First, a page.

The Resolution Foundation's report, Setting the record straight, explores how record employment levels have changed Britain since the financial crisis.
Unemployment has remained below levels seen in the '80s and during recessions, while employment has regularly hit new record highs since January 2015, researchers explained. The 2.7 million extra jobs created since 2008 have provided a welcome boost to living standards, particularly in the face of severe pay squeezes.
The think tank’s research found that low-income and disadvantaged groups have been the main beneficiaries of this jobs boom. Almost two-thirds (65%) of the jobs growth since 2008 has gone to people in the bottom half of the UK’s income distribution. People with low qualifications account for almost half (49%) of the growth, while people with a disability account for a third (33%) of the rise.
The report also found that the employment surge has not been as London-centric as some claim. Urban areas that have traditionally suffered from low employment are currently performing well, with the largest improvements since 2008 in south Yorkshire (+6.5%) and Merseyside (+6.4%).
However, while overall geographic ‘employment inequality’ is falling, some areas based outside of the UK’s major cities have benefited less, the think tank warned. Employment fell across the rest of Yorkshire and Humberside and increased by just 2.2% across the rest of the North-West.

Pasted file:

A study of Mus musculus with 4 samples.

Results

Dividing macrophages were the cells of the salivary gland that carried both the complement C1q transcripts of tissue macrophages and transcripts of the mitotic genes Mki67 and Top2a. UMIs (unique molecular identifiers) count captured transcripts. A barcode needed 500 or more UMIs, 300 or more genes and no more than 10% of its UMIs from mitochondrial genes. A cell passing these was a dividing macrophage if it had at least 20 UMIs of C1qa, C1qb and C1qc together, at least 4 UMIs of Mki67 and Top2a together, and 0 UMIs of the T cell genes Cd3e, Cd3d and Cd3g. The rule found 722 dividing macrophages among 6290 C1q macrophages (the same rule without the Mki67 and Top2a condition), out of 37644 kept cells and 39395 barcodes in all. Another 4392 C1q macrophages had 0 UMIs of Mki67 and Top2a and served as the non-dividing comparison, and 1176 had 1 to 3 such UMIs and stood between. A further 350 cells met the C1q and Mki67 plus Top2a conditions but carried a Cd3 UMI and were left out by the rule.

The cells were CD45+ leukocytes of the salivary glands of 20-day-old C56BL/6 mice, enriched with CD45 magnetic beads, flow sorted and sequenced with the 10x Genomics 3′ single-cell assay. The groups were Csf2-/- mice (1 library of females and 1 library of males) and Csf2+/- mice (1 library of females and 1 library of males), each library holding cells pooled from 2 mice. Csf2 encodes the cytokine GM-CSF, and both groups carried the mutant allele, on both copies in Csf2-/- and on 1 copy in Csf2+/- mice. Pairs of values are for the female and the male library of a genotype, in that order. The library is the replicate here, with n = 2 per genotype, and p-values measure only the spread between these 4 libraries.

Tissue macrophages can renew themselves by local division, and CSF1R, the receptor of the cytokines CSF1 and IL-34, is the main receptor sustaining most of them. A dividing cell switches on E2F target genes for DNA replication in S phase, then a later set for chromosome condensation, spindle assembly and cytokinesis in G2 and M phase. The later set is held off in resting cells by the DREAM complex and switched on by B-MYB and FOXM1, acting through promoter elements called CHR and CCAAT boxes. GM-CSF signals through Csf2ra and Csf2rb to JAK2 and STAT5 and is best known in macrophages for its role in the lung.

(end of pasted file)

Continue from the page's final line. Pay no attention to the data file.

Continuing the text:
The foundation emphasised that Britain’s jobs boom has not been driven by low-wage jobs. Half (50%) of all jobs growth since 2008 has been in professional occupations, business services and real estate jobs, all of which are relatively high-paid. An ageing society has also led to strong growth in the health and (low-paid) social care sectors, it said. In contrast the share of jobs in finance and retail has been in decline over the past decade.
But the report found that young people haven’t fully benefited from the rise of higher-paying occupations. The share of 18- to 29-year-olds in lower-paying roles has increased over the past decade while it has fallen for the rest of the workforce. This age group has also been most affected by insecure employment types.
The initial post-crisis jobs growth saw an increase in atypical – and sometimes insecure – roles such as self-employment, zero-hours contracts and agency work, the report found. Growth in these roles rose 50% faster for 18- to 29-year-olds than for the rest of the population. However, over the past year the entirety of jobs growth has been in full-time roles, the report added.
Stephen Clarke, senior economic analyst at the Resolution Foundation, said that policymakers should focus on new challenges that have emerged in the employment market. “Ten years ago, when the UK was in the depths of recession, few would have predicted that Britain would break new employment records again so quickly. But that is exactly what has happened," he said. “Record employment levels have changed Britain and seen falling ‘employment inequality’, as the 2.7 million jobs boom has particularly benefited lower-income families and disadvantaged groups.
“While the jobs surge has not been as dominated by London or low-paid work as some claim, new challenges have developed – particularly for younger workers and with a big rise in insecure work. And while more people are working, as a country we are still earning less each week for doing so than we were 10 years ago.”